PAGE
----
Sara Yoheved Rigler’s path took her from India to Israel and Judaism. Her spiritual search first led her to India in 1968. There she studied with a guru, then returned to the U.S. and finished her degree in psychology from Brandeis University. She spent the next fifteen years living in America’s oldest ashram. In 1985, her life dramatically changed. Sara Yoheved moved to Yerushalayim, began studying Torah, and became a baalas teshuvah. In 1987, she married Leib Yaacov Rigler, a musician, composer and arranger. The Riglers, who have two adult children, have lived inside the Old City of Yerushalayim for thirty years.
As Klal Yisroel relives Kabbolas HaTorah on Shavuos, we unfortunately read of groups of our brethren for whom Kabbolas HaTorah is a foreign concept, either because they have no connection to Torah or, even worse, because they have a connection to Torah yet they distort the Torah to meet their own agendas.
This past Thursday should have been a festive occasion for Binyomin Netanyahu’s new government. Having presented his fourth government, Netanyahu has broken the record for heading the largest number of governments as prime minister. But although he attained a majority in the Knesset, and he and his ministers were sworn in, it did not turn out to be a happy day.
By Rabbi Yitzchok Hisiger | Wednesday, May 20, 2015
Rav Aharon Schechter, rosh yeshiva of Yeshivas Rabbeinu Chaim Berlin, was once heading home on a Shabbos afternoon after Minchah. As he made his way down a Flatbush street accompanied by a small group, he encountered three Jewish boys smoking cigarettes. Rav Aharon, still surrounded by his coterie, continued for another block or so when, suddenly, he turned around.
Imagine that you lived long ago and had the great zechus of visiting Yerushalayim to meet Shlomo Hamelech himself. Sitting next to him is an extremely old woman, ancient but regal, and you whisper to your guide, “Who is that?” To your shock, you discover that you are also about to greet Rus, the great-great-grandmother of the king. Indeed, Chazal (Bava Basra 91b) tell us that Shlomo not only set up a throne for his mother Batsheva (Melachim I 2:19), but also for “the mother of royalty,” Rus HaMoaviah. What was the significance of Rus’ place next to Shlomo Hamelech, of her longevity, and, most importantly, of her place in Klal Yisroel and in the holy Yom Tov of Shavuos?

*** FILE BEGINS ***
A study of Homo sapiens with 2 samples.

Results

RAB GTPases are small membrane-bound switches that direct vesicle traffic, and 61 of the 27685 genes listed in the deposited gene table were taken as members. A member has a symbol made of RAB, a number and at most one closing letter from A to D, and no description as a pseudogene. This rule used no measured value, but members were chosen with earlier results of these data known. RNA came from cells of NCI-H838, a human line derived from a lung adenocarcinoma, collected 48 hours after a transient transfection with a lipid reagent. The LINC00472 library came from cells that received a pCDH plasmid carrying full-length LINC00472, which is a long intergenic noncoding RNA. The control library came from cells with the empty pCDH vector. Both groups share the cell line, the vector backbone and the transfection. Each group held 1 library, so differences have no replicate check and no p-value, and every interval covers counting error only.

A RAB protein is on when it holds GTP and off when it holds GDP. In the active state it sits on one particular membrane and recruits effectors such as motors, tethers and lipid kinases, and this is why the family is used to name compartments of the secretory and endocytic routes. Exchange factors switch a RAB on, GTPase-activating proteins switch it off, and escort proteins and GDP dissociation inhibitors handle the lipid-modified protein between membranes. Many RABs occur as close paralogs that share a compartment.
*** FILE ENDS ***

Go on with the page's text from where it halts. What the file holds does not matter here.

By Rabbi Pinchos Lipschutz | Wednesday, May 20, 2015
Every Yom Tov has its sights, sounds and smells. Sukkos has the pleasing aroma of the Dalet Minim and the warmth and contentment of the sukkah. Pesach has the taste of wine and crisp matzos, the scent of chrein being chopped, and the fumes of chometz being burnt. Shavuos carries strains of Akdamus’ moving tones, milchigs, flowers and the poignant pesukim of Megillas Rus. The kriah has us pause to reflect on Rus and her journey from the heights of royalty to the depths of despair, back to the pinnacle as the mother of malchus.
In 1966, Rav Chaim Shmulevitz, famed rosh yeshiva of the Mir whose yahrtzeit is this week, delivered his personal testimony to Yad Vashem which has come to light only now. Rav Chaim and his rebbetzin lived through the flight of the Mirrer Yeshiva to Japan, which had allied itself with Hitler. The interviewer noted that their testimony was not complete because they had “reservations for religious reasons.” In an interview with Yated Neeman, his son Rav Meir Shmulevitz speculates that the truth was that his parents simply did not wish to speak about themselves.
By Rabbi Pinchos Lipschutz | Wednesday, December 10, 2014
Of course the headline grabbed my eye, a bold caption announcing the arrest of several rabbis. The article described how a group of female clergy from Manhattan’s Upper West Side had been taken into custody after causing a public disturbance.
Their crime? Blocking traffic in protest of a jury decision not to indict a police offer who had contributed to the death of a black New York City resident who was selling illegal cigarettes.